How to Introduce Your Kitten or Cat to Grooming
Many people think cats can just groom themselves or that cats hate grooming, so they never even try. Realistically, if you introduce grooming at a young age, kittens will grow up to enjoy—or at least accept – grooming into adulthood. Before your cat decides that routine grooming is an evil plan to torment him, lay the foundation for grooming during kittenhood. Below are tips and tricks on how to introduce your kitten to grooming:
To start, you’ll need a soft-bristle pet brush and a metal pet comb, and you’ll want to wait until your kitten is drowsy or relaxed. Settle your kitten into your lap and let him fall asleep as you use your hand to pet and stroke him. Once asleep, use the brush instead. Use long, gentle strokes rather than short, choppy ones. This will get your kitten used to being calm while being brushed.
Although cats don’t normally need baths, you still don’t want your kitten afraid of bath time. To start, use tap water that’s room temperature or a little bit cooler. Don’t bathe his entire body, just a foot or leg will do for the first time. Give your kitten lots of treats when you do this. Dry him with a towel so he doesn’t get cold, and so he will associate a bath with an enjoyable experience.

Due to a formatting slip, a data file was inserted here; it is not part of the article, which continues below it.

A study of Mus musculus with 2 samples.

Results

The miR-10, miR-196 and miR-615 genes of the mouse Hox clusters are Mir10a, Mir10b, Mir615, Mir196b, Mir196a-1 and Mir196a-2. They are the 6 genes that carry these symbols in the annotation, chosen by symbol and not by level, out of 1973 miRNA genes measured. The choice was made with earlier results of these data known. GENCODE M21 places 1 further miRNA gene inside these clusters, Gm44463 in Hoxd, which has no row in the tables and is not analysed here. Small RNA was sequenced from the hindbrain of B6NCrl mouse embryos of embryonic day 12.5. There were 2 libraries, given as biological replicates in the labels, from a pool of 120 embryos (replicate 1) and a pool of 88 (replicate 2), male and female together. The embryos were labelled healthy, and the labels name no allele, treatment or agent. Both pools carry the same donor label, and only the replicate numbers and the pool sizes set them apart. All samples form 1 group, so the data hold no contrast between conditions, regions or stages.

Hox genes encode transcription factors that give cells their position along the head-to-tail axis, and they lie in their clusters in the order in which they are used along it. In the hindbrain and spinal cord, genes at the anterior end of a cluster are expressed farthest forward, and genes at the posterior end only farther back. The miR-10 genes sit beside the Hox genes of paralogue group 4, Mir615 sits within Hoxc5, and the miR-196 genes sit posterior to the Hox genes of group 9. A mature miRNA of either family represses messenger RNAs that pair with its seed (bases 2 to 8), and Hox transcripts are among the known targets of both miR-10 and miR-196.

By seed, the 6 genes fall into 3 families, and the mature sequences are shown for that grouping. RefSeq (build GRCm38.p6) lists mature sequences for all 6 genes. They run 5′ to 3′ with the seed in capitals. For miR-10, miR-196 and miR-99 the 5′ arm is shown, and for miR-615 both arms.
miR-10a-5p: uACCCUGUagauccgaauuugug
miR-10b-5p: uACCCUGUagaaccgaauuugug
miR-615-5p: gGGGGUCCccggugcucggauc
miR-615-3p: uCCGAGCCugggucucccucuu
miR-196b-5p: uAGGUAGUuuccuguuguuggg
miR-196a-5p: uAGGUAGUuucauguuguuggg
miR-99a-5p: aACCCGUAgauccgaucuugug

Start by applying gentle pressure to the top and paw pad area simultaneously. This will extend the claws where you will be able to clip the sharp tip of the nail off. Start off by doing one nail each day and then gradually work your way up to more nails as your cat gets more accustomed.
Overall, grooming your cat gives you the opportunity to detect the presence of skin problems or parasites, such as ticks and fleas. Grooming is good for your feline’s health, but it also allows you to spend some quality time with your cat.